Early results of a statewide recount of presidential election ballots in Georgia show no significant problems, or indication the results will change, despite continued allegations without evidence by President Donald Trump that the state’s count was rigged.

Vice President Joe Biden narrowly beat Trump in Georgia by more than 14,000 votes out of about 5 million votes cast, becoming the first Democrat to carry the state since 1992, according to the Atlanta Journal-Constitution.

Lawyers for the Biden campaign said Sunday afternoon that the first days of Georgia’s recount have proven that the state’s voting system “accurately counted the votes.”

Election workers examine ballots while vote counting in Atlanta  Georgia
Election workers examine ballots while vote counting in Atlanta, Georgia
Tami Chappell, AFP


“We continue to agree with the Secretary of State that there is no reason to believe that any widespread irregularities have been found,” Patrick Moore, president of Biden’s legal team, told reporters.

The runoff race for control of the Senate
Removing the state’s two Republican Senators, David Perdue, and Kelly Loeffler has now become the Democrat’s focus. Activists who organized the surge in voter turnout that helped defeat Trump for the presidency, have now turned their attention to the runoff race. pouring millions of dollars into the races.

If the Democratic Challengers, Jon Ossoff and Raphael Warnock beat their Republican incumbent opponents, Democrats will regain control of the Senate, with Kamala Harris serving as a tie-breaking vice-president in a chamber split 50-50.

Perdue, a first-term senator, and former business executive is facing Ossoff, a former journalist who lost a tight, high-profile U.S. House special election in 2017. The way it stands right now, Perdue got 49.7 percent of the vote, shy of the 50 percent needed for an outright win. Ossoff received 48 percent of the vote, with the remaining votes going to a Libertarian party candidate.


The second runoff race is between Trump loyalist Kelly Loeffler. and Rev Raphael Warnock. He is pastor of Atlanta’s renowned Ebenezer Baptist church where Martin Luther King preached in the 1960s, and if he wins, will become the first Black U.S. Senator from Georgia.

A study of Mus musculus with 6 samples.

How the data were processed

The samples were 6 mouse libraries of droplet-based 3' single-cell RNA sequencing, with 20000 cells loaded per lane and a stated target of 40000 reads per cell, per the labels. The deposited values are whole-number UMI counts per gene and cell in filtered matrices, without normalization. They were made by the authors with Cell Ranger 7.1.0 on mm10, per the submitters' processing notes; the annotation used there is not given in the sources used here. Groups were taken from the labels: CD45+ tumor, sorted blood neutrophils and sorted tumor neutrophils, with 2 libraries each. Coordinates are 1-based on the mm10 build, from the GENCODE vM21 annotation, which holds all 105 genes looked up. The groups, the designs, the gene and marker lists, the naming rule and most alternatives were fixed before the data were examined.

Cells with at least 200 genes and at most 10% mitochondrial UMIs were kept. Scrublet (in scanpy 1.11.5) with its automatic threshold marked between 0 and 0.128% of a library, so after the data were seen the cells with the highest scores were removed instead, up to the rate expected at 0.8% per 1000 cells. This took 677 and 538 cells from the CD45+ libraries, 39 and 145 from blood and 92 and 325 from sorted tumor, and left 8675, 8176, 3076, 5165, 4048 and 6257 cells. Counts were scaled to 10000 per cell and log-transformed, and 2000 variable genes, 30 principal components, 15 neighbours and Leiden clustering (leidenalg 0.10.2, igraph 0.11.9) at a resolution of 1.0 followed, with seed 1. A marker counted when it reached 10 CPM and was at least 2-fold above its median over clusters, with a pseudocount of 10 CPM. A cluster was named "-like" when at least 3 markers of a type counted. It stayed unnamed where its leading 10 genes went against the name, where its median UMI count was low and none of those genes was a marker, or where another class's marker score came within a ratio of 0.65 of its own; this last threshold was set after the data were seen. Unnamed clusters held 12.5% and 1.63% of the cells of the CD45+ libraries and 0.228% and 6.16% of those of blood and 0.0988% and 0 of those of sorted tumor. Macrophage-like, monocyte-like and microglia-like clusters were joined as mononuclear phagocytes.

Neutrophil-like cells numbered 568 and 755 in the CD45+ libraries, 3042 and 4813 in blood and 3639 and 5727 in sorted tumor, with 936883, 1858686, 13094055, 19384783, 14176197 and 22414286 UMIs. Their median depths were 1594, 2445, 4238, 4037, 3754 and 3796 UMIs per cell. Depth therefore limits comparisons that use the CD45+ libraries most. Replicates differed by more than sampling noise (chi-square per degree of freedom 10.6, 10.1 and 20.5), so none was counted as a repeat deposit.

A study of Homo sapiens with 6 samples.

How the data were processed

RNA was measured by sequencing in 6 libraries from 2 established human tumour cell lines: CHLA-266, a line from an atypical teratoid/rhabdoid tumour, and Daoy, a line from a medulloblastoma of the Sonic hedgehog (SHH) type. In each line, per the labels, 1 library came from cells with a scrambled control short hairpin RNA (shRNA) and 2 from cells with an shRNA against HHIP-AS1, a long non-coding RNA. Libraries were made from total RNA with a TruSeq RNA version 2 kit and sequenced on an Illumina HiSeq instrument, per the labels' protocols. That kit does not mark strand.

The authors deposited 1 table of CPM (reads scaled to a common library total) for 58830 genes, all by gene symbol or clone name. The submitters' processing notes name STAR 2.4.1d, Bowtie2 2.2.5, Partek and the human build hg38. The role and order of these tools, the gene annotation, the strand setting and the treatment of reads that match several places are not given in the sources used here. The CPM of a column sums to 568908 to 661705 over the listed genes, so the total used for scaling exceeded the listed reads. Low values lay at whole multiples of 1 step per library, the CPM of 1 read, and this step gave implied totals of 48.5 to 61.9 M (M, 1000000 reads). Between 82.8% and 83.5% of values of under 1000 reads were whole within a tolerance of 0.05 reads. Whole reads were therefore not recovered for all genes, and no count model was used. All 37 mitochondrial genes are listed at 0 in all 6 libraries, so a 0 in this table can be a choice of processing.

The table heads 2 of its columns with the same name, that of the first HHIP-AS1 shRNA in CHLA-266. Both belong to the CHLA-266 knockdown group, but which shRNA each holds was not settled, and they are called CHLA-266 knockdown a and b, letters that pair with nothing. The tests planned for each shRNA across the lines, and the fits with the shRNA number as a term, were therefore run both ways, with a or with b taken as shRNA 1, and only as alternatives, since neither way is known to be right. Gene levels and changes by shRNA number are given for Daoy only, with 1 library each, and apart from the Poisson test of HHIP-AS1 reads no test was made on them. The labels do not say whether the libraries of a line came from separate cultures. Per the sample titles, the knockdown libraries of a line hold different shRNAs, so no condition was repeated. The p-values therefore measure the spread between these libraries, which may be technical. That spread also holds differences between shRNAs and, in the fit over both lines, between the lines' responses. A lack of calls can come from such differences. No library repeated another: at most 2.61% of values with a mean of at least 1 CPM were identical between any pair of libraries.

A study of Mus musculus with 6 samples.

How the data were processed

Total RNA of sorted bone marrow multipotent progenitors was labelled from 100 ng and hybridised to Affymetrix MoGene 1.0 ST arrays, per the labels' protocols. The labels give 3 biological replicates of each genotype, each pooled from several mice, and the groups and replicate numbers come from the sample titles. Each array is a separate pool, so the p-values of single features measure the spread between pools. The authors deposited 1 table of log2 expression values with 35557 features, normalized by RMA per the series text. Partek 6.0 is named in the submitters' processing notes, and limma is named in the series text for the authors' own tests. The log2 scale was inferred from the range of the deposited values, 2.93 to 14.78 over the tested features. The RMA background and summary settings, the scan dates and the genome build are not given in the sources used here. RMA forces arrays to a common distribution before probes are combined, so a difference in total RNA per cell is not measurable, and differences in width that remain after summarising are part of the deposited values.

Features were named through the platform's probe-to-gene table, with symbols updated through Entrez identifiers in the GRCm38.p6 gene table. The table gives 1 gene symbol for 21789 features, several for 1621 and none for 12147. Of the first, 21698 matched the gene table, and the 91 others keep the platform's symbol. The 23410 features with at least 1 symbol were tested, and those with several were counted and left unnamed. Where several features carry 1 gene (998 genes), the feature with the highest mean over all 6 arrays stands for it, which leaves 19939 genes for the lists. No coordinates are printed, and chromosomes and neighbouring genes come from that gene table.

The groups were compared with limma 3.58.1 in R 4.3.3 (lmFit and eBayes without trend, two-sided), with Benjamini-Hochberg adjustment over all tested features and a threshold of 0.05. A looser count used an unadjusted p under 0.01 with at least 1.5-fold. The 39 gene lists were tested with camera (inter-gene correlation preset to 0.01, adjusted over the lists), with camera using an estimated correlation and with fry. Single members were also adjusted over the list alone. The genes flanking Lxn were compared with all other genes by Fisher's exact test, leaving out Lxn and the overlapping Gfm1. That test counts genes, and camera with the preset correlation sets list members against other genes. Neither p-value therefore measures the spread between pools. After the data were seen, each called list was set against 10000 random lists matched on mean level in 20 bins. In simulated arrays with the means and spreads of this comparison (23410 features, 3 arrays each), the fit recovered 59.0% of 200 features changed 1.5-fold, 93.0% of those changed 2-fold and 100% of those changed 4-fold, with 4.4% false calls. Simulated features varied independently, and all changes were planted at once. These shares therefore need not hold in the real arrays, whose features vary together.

Loeffler was appointed to fill the U.S. Senate seat of Senator Johnny Isakson after he resigned due to health reasons in December 2019. Loeffler is totally behind anything Trump says and has touted her “100 percent Trump voting record” during the campaign.

The filibuster rule
While Democrats have retained their majority in the House of Representatives, a Republican-controlled Senate would hamper everything from a nationwide Covid-19 response to economic stimulus initiatives, as the country has already seen in the four years of the Trump administration.

Sen. Ted Cruz  R-Texas  “filibuster” on Capitol Hill in Washington  ends after 21 hours  19 minu...
Sen. Ted Cruz, R-Texas, “filibuster” on Capitol Hill in Washington, ends after 21 hours, 19 minutes (Sept. 24, 2013)
Senate TV photo


So, let’s say the two Georgia senate runoff races go to the Democrats. This will mean that the U.S. Senate is split 50-50 and the biggest and most important issue for the Biden Administration becomes the filibuster rule.

While not a part of the Constitution, filibusters became possible because of a change of Senate rules in 1806 and was never used until 1837. The rules were rarely used until the 1970s because it was easier to avoid a filibuster by changing the debate to another issue.

The Senate began formal debate on Neil Gorsuch  as Democrats insisted they have the necessary votes ...
The Senate began formal debate on Neil Gorsuch, as Democrats insisted they have the necessary votes to defeat his Supreme Court nomination through use of a filibuster
Mandel Ngan, AFP/File


As a result – it has come to mean that all major legislation (apart from budgets) requires a 60 percent majority to pass. In the U.S. Senate, a speaker can speak as long as he or she wants unless “three-fifths of the Senators duly chosen and sworn”[58] (usually 60 out of 100 senators) vote to bring debate to a close under Senate Rule XXII.

This brings us back to Joe Biden’s presidency and if Democrats gain those two needed Senate seats. A decision will have to be made, pure and simple: Whether the requirement for passing a bill through the Senate should be 60 votes or 51 votes.

If the rule is left as it is right now, any legislation the Biden administration attempts to put through will fail, or at least meet with great resistance. So you can see this is an important choice. It stands to reason that eliminating the filibuster rule would make it possible for the two houses of Congress and the Executive branch to actually govern again.

As VOX.com writes, “All it takes to eliminate the filibuster, and to unlock that agenda, is 51 votes.”

Written By

Karen Graham is Digital Journal's Editor-at-Large for environmental news. Karen's view of what is happening in our world is colored by her love of history and how the past influences events taking place today. Her belief in man's part in the care of the planet and our environment has led her to focus on the need for action in dealing with climate change. It was said by Geoffrey C. Ward, "Journalism is merely history's first draft." Everyone who writes about what is happening today is indeed, writing a small part of our history.